Here's my quick summary of the key overnight news you need to start your day.
Firstly from Australia, economists there are expecting another quarter of a percentage cut in the official cash rate in the first quarter of 2013 as the Reserve Bank of Australia seeks to stimulate non-resource sectors of the economy and the sun sets on the mining boom. The RBA next reviews its rates on February 5, 2012.
In the US, their trade deficit probably narrowed analysts said ahead of official data releases. Their exports are climbing, while imports - especially of oil - are shrinking.
In the UK, the government has thrown its weight behind a drive to get large companies to pay their suppiers on time. A "name-and-shame" campaign is proposed for those who do not adopt prompt payment policies.
Global central bank chiefs have agreed to water down and delay a planned bank liquidity rule in the final negotiations for Basel III. They now have four more years to fully comply. Banks will also be allowed to use an expanded range of assets including some equities and securitised mortgage debt to meet the so-called liquidity coverage ratio. Bank of England Governor Mervyn King said, "For the first time in regulatory history we have a truly global minimum standard for bank liquidity."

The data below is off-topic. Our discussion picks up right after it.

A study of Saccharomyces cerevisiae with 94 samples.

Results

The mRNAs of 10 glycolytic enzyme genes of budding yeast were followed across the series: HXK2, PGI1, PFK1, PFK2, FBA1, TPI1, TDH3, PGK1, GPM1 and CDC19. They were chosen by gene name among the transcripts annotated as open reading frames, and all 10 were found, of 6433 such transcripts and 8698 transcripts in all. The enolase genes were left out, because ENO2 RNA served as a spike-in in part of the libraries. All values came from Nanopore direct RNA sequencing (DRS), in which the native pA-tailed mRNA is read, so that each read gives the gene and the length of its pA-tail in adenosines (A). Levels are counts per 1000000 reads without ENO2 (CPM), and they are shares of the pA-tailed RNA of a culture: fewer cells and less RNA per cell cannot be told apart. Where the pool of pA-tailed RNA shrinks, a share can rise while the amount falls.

Meanwhile, in Greece a tax scandal is making the headlines, but it is masking the fact that very little progress is being made tackling widespread and long tolerated tax evasion. It is Greece's Achilles heel and shows what can happen when evasion becomes embedded in a culture.
This is the first week back from holidays for many and there is little fresh data out this week in New Zealand. However, we will get an updated look at household balance sheets.
The NZ$ is at 83.2 USc, 79.4 AUc and the TWI is at 75.0 as at 8:30am. Actually, the Japanese yen is at 73.3 and at its highest level since September 2008.